THE ODESSA REVIEW NEW ISSUE
The mansion that once belonged to the Russian imperial state councilor Anatoli Fedorovich Docks is an unusual sight. The crumbling two-story limestone structure stands in the middle of an undeveloped lot in the Arcadia, not very far from Victory Park. Its three-tiered tower peers above the foliage that has overgrown the property. Behind its façade looms a backdrop of newly-constructed high-rise apartments and shopping centers. Despite its poor condition, Docks’ mansion retains a degree of stateliness, with its high-arched window frames and baroque moldings. That it continues to stand at all, as it has through the end of both the Russian Empire and the Soviet Union, can be seen as testament to stubbornness. It has been a home to Russian nobility. It was once the office of a sanatorium. It has survived foreign occupation and, most recently, a fire. However, its continued existence is threatened not by calamity, but by the needs of Odessan development.
The skyrocketing value of Arcadia’s real estate has already claimed many of the region’s remaining imperial-era buildings. While Odessa’s historical center teems with late imperial structures and architectural relics of Odessa’s belle époque, here, Docks’ home is a structure out of place and time. It is the last of its kind on the Gagarinskoe Plateau of Arcadia, and despite the efforts of local politicians and Odessan citizens to preserve it, its continued survival is uncertain. Attempts by Odessites to halt the destruction of similar structures have met with little sympathy and support by the local administration. On October 19th, another 19th-Century mansion, located off the Lyustdorfskoy Lane, was leveled to make room for a 25-storey apartment building. Queries made by locals to the administration regarding the preservation of the building were rebuffed, with officials stating that the building did not lie within the boundaries of the protected historical areas of Odessa.
In this sense, the case of the Docks mansion is far from unique. The vocal opposition of Odessa’s Governor Mikheil Saakashvili to the destruction of the building has certainly raised the profile of this specific instance of destruction, but beyond that, the case is one familiar throughout the city. The saga of the Docks mansion is emblematic of the challenges facing the preservation of Odessa’s architecture and historical patrimony. The building is caught between the forces of real estate development, changing economic realities and the quarreling of local politicians. Perhaps most critically, there is little in the way of zoning or historical regulations to protect historically valuable buildings such as Docks’ mansion, from either bulldozers or simple neglect.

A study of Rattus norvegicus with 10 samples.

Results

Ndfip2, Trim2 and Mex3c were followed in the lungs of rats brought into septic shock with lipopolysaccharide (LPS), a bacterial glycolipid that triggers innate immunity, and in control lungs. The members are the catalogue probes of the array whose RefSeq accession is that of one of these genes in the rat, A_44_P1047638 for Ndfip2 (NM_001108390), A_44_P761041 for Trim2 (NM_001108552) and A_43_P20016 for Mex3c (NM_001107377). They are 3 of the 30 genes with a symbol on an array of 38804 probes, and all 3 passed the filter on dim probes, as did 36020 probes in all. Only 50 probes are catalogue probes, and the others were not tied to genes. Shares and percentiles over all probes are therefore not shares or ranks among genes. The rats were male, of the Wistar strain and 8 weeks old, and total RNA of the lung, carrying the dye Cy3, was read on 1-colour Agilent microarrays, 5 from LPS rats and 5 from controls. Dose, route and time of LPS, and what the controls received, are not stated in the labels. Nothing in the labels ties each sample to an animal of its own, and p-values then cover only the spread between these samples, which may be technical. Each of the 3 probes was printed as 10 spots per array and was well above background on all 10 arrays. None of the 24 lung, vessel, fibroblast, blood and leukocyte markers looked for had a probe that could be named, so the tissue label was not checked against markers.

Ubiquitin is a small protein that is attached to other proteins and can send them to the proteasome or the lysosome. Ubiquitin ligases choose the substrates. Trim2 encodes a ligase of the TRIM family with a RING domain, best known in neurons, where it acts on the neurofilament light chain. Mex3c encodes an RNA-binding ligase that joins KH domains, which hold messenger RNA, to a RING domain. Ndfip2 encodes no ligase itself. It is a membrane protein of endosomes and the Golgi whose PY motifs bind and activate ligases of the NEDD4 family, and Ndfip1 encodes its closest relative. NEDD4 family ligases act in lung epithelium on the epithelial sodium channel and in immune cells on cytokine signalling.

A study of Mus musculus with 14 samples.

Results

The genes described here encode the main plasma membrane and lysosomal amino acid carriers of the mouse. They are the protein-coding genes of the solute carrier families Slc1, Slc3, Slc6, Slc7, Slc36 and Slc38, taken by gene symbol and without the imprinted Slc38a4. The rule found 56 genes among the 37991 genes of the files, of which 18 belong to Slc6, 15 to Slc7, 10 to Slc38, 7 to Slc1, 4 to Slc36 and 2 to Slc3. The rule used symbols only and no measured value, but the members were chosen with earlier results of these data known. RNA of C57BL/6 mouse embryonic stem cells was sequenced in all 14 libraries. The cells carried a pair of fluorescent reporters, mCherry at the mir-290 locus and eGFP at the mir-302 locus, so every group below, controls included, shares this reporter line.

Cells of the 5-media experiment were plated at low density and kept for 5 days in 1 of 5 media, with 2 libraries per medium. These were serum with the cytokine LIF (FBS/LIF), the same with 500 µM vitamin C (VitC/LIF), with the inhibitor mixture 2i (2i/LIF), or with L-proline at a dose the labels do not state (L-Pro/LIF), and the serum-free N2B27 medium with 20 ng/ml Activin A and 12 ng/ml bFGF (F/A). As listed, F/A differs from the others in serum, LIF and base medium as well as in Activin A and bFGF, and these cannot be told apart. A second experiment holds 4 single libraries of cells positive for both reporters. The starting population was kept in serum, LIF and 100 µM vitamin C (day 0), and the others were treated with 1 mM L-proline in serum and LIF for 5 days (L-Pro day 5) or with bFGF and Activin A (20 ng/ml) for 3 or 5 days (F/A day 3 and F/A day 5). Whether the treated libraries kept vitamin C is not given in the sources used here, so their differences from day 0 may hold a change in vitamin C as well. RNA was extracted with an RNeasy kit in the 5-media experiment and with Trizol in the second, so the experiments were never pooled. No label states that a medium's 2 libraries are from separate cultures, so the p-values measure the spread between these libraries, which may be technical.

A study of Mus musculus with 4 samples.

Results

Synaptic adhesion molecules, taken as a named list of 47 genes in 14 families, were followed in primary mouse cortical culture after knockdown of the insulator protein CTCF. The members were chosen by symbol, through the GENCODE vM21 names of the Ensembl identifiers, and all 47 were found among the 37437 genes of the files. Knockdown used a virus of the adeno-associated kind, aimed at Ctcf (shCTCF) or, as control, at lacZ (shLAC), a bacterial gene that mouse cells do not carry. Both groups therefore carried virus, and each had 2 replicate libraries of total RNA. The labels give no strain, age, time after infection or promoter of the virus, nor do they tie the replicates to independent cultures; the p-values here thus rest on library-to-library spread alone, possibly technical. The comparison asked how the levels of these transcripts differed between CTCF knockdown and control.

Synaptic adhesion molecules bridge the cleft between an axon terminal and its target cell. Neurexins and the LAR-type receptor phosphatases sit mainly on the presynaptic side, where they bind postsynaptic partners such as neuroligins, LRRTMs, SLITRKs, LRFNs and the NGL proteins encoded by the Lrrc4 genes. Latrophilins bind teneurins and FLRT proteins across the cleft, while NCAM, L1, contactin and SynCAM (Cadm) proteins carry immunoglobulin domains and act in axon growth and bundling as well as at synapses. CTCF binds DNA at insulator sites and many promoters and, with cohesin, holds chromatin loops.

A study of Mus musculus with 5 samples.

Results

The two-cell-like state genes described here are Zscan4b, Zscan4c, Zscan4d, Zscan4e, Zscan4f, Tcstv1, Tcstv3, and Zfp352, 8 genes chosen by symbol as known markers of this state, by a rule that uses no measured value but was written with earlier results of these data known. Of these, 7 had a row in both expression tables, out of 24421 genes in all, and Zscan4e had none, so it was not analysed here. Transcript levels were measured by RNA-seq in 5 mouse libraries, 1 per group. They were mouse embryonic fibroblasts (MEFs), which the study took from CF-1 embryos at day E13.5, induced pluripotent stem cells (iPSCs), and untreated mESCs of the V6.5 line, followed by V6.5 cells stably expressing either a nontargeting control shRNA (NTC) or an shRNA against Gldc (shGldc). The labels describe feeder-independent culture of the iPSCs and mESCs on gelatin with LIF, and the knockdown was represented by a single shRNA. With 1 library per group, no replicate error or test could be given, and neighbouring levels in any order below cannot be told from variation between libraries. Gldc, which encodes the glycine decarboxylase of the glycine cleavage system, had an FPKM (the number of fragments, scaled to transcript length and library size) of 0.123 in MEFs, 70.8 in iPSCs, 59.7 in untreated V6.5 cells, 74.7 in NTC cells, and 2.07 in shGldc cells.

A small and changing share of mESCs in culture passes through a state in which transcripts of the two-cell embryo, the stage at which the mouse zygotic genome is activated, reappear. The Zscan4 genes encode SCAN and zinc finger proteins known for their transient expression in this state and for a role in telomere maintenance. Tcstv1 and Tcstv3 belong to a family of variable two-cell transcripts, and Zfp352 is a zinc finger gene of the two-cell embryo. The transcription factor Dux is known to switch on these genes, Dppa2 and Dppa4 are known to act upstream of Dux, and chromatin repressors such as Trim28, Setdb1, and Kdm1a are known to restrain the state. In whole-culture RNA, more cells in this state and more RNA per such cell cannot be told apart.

Since 2009, Odessa’s historical center has been placed on the list of possible candidates for recognition as a UNESCO World Heritage Site. That distinction would doubtlessly protect the most historically significant buildings in the city from destruction at the hands of developers and ensure their active preservation. As it stands, even those structures that are not at risk of being leveled by developers are in danger of slowly crumbling as a consequence of poor maintenance. Examples range from the dramatic, such as the collapse of the Imperial Russian Technical Society building, known locally as the “Mason’s house,” in central Odessa this past summer to the more gradual, but similarly tragic state of disrepair visible amongst the imperial-era buildings just a few blocks away from Deribasivska. As a consequence of the construction of these buildings – often they were originally made with soft limestone – the Odessan climate, and a lack of organized efforts at preservation, buildings such as the Fesenko Print Shop on Rishelievska Street are little more than an echo of their former architectural splendor.
Despite this, there is reason to be optimistic for the future of Odessa’s architectural heritage. The reason for this is that Odessan citizens themselves are deeply interested in preserving their history. The amount of attention on social media and the Odessan blogosphere devoted to the Docks mansion alone is telling, as is the civic engagement that has resulted from that coverage. It is certain that Odessites will not allow their history, as it is told silently through their city’s architecture, to merely crumble or be destroyed. Should the city’s residents be successful in mobilizing to secure the future of their architectural heritage, there is no reason that the old buildings of Odessa, with their historical and architectural resonance, should not stand for generations to come.
Jack Margolin is a Fulbright Grant recipient based in Odessa. He holds a bachelor’s degree in International Relations from Tufts University. His research and academic work focuses on the intersection of the rule of law, human security and democratization in the former Soviet Union.